When I was young I got a Gilbert Chemistry Set for Christmas, and later a copy of Henley’s Twentieth Century Book of Formulas, Processes, and Trade Secrets. I’ve seen a lot of “ain’t it awful” talk about the Gilbert Chemistry Set, and how our modern litigious society took all the good (i.e. dangerous) stuff out of chemistry for youngsters, but the mid-1950s version of the Gilbert set didn’t have much to it either, with sodium bisulfate being the strongest acid in it, and many jars of such dangerous stuff as Logwood, and Iron Filings.
When I got tired of cutting the summer grass, I thought I’d invent an herbicide. I didn’t know the word “herbicide” and had no idea of the fact that major chemical companies developed and sold them, I just wanted the grass to grow more slowly. So I set up an experiment, nine small plots of dirt (in the holes of three cinder blocks), seeded with grass and put under a flood lamp in the basement. The center section I left as a control, and I applied different chemicals from my Gilbert Set onto each of the other sections.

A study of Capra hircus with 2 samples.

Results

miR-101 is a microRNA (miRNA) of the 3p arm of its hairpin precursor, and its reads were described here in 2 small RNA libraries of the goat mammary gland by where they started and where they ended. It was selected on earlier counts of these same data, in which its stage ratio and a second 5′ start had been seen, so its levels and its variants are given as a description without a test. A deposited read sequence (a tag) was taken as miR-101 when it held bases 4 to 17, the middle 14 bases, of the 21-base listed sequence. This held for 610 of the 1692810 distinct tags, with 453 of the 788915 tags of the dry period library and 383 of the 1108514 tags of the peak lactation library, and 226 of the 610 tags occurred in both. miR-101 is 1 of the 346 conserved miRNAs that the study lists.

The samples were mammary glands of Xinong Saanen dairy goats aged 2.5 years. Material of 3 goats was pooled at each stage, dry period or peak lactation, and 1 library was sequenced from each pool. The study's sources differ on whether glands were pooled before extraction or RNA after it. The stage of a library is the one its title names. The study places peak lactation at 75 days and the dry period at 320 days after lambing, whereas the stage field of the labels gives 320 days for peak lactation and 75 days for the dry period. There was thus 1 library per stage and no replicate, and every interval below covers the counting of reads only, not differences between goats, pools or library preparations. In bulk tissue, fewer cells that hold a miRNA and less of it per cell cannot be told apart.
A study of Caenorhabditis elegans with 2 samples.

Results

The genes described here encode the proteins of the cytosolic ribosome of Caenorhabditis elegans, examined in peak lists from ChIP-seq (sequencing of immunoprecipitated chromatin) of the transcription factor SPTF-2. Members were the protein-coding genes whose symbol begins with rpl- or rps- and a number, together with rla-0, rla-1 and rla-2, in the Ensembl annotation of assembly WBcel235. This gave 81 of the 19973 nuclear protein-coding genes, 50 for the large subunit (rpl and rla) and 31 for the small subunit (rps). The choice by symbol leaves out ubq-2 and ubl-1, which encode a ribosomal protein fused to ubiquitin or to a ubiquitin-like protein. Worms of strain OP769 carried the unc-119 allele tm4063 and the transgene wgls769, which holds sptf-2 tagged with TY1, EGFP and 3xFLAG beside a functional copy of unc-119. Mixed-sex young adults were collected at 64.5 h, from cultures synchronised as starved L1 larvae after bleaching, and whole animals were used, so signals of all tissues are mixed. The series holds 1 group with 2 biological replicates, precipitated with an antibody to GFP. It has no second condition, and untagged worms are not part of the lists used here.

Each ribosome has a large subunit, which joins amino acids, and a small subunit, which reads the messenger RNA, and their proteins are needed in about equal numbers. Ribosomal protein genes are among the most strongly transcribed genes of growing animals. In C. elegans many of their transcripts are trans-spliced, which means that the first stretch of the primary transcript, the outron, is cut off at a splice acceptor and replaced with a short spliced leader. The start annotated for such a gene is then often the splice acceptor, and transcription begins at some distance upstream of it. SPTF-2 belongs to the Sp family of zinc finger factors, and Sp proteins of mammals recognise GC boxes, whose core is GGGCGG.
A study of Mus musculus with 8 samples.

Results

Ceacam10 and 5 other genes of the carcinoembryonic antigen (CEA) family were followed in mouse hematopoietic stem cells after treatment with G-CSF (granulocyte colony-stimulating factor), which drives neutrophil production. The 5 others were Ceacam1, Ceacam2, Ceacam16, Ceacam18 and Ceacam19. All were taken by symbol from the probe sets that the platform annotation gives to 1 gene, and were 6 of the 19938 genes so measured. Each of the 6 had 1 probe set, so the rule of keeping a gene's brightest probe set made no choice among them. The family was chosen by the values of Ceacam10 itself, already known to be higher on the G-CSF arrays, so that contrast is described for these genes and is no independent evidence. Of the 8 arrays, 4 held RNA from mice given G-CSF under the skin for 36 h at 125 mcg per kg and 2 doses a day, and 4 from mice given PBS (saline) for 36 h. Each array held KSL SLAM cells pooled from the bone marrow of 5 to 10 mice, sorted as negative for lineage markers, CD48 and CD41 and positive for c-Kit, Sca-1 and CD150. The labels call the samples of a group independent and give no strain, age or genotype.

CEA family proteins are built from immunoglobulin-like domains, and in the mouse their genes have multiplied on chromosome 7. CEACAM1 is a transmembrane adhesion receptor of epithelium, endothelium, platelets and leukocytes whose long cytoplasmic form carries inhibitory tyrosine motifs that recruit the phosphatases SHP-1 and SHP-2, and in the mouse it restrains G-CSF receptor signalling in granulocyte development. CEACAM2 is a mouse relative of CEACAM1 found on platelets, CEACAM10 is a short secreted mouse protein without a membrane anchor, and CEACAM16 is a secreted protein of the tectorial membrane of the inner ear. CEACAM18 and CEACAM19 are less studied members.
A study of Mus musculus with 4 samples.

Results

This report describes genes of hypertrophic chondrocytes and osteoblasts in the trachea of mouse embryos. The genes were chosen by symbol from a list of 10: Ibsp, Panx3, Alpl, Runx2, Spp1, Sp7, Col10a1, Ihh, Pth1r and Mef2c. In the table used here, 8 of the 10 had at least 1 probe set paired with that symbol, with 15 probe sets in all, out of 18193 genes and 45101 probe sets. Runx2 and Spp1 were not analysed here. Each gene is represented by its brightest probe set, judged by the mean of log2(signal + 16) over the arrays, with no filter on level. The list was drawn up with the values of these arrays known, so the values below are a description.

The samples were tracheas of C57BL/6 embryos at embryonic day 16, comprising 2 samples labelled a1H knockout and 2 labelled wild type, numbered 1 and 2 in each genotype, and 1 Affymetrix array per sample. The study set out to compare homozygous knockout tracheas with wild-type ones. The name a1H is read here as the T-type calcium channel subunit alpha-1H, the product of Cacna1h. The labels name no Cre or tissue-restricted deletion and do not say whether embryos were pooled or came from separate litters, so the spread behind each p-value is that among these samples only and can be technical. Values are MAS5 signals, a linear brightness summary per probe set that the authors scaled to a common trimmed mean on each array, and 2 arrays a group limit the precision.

Most had little to no effect, but the calcium hypochlorite surprised me by growing much better than the control. I know now that the hypochlorite is unstable, and converted to lime pretty quickly, and lime is good for the acid soil of Tennessee. The only section that had retarded growth was the one with copper chloride. Years later I learned that CuCl is a known phytotoxin and is used to control algae blooms in waterways and to kill roots in drain pipes.
I was nine years old when I did my experiment, and I still think it was a pretty good bit of junior science.